With the newMaltin Guidecomes the addition of new names to the star/director index (and axing of others). Last year 21 people were cut and 12 added. Oddly, this year, no one was cut and there were but 3 additions (all new Oscar nominees)! I have no idea what this means. It sounds as if the editors have just thrown in the towel on the index though, knowing the power of such searches online— at this point between smart phones and WiFi I guess the theory is: who really looks at the index. But in a way it starts to relegate the book itself to a shelf ornament. This was the first time that I really started to think that the print Maltin may be heading the way of the dodo bird. Cutting them some slack though— maybe, just maybe, they didn't need to do much in the way of changes because of the wholesale work done last year. Here are the few "graduates" of the class of 2009/10. New "Faces" added to theLeonard Maltin Guide 2011Index: STARS—
Every year I greatly anticipate Leonard Maltin's Movie Guide. His capsule reviews and ratings set the standard for how a film will be seen by future generations. As I've reported each year, the last several Maltin Guides have been VERY sparing in giving out the **** rating— practically unattainable for new releases, last year I noticed but three films were **** rated: The Curious Case of Benjamin Button, Frost/Nixon, and Slumdog Millionaire; this year I didn't spot ANY **** additions!
Here's how my top ten 2009 stacked up against the Maltin Guide's ratings:
Inglourious Basterds (d. Quentin Tarantino) (** 1/2) [my #1, rest alpha]
Capitalism: A Love Story (d. Michael Moore) (***)
District 9 (d. Neill Blomkamp) (*** 1/2)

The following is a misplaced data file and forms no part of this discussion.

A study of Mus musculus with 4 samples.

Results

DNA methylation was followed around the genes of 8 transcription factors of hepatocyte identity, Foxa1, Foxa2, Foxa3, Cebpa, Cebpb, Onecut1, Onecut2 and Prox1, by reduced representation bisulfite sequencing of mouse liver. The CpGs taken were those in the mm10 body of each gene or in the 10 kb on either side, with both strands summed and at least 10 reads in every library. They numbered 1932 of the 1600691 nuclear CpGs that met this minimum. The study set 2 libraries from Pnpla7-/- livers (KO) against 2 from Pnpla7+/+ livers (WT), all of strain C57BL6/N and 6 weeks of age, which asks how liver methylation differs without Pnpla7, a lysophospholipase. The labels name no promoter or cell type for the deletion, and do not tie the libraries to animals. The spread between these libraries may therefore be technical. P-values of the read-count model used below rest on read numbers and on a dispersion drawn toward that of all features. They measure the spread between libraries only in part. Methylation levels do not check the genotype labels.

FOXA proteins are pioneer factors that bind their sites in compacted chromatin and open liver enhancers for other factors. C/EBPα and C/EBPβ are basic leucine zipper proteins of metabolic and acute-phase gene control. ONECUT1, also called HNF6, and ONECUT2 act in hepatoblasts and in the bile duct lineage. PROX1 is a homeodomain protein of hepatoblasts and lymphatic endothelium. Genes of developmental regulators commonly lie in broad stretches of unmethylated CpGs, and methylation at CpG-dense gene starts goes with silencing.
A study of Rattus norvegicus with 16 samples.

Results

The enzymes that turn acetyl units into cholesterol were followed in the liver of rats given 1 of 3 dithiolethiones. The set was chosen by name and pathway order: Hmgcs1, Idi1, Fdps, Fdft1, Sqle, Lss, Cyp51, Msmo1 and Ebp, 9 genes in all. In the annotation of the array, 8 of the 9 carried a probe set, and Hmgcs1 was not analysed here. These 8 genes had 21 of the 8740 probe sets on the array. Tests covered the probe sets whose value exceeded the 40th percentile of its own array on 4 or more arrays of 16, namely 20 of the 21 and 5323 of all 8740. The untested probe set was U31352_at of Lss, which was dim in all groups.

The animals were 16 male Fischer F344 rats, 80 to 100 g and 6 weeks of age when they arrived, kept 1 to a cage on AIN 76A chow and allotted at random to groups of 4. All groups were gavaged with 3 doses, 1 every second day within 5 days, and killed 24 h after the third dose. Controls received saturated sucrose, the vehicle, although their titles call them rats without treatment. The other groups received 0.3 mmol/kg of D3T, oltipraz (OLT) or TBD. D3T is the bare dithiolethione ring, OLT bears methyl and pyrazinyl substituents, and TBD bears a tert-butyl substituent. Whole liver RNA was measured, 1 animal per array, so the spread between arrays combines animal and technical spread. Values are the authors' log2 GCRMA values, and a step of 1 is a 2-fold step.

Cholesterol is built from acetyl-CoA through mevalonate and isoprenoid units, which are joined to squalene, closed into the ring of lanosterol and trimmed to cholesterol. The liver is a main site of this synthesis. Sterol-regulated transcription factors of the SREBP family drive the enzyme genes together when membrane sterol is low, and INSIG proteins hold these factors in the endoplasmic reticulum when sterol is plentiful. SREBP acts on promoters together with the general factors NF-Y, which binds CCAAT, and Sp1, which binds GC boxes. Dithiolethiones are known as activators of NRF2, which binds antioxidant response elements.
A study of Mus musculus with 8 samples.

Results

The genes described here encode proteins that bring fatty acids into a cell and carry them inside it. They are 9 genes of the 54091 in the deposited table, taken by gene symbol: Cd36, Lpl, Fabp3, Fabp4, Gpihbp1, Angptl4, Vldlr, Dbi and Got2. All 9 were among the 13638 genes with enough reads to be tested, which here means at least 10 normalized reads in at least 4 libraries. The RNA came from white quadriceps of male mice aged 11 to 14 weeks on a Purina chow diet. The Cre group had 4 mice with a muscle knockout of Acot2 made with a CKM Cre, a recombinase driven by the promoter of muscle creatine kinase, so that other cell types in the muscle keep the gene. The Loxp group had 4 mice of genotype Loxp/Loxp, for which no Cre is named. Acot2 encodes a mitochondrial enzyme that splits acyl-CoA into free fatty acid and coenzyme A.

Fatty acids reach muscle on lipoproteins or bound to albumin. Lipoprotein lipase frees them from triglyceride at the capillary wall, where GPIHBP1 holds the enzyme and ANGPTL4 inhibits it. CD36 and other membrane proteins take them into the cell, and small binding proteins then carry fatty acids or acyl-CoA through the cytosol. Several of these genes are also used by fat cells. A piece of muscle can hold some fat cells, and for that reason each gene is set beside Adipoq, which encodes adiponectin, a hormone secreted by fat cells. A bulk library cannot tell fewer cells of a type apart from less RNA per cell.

The Hurt Locker (d. Kathryn Bigelow) (*** 1/2)
I Love You, Man (d. John Hamburg) (** 1/2)
Julie & Julia (d. Nora Ephron) (***)
Nine (d. Rob Marshall) (***)
Paranormal Activity (d. Oren Peli) (***)
Up (d. Pete Docter, Bob Peterson) (*** 1/2)
World’s Greatest Dad (d. Bobcat Golthwait) (***)
Here is a list of the 2015 films I've seen, and my opinion of them. Filmmakers who toil on the almost-impossible mission of making a feature length film should not have their work dismissed on a pass-fail basis so easily. That being said, this is just one man's opinion, and on a blog at that, and the savvy moviegoer will read enough of the reviews of professional film critics to allow a blog here and there to "list" favorites and least favorites.
Ant-Man. The best summer movie; a surprise hit that gets the humor right and manages to cover the origin story without getting dull.
Mad Max: Fury Road. I'd love to see the storyboards!
Avengers, The: Age of Ultron. Exciting start to the summer movie season.
Bridge of Spies. Good story and production all around.
Clouds of Sils Maria. Pretentious as all out, but intriguing and well played by its two leads.
Creed. A solid shot for a sentimental Oscar for Sly.
End of the Tour, The. Easy to overrate, but nonetheless watchable; Jason Segal is quite good.
Ex Machina. Keeps you engaged and not just with its ample nudity.
Get Hard. Hart and Farrell make a good team and Ferrell's character is funny, but it does get repetitive.
Hateful Eight, The. Violent western-cum-mystery with a great Morricone score is exactly the kind of Christmas present you'd expect Tarantino to put in your stocking.
Hunger Games, The Mockingjay, Part 2. Slick, if not too frequently inspired.
Maggie. Somber and depressing and not much happens but not without merit; probably would have been better as a book.
Martian, The. A plotline that's a string of "problems" and "fixes" with music cues, but a nice commercial for Mars exploration.
Me and Earl and the Dying Girl. Quirkier than thou, but pulls it off.
Mr. Holmes. Pleasant mystery befits both Sirs Arthur Conan Doyle and Ian McKellen.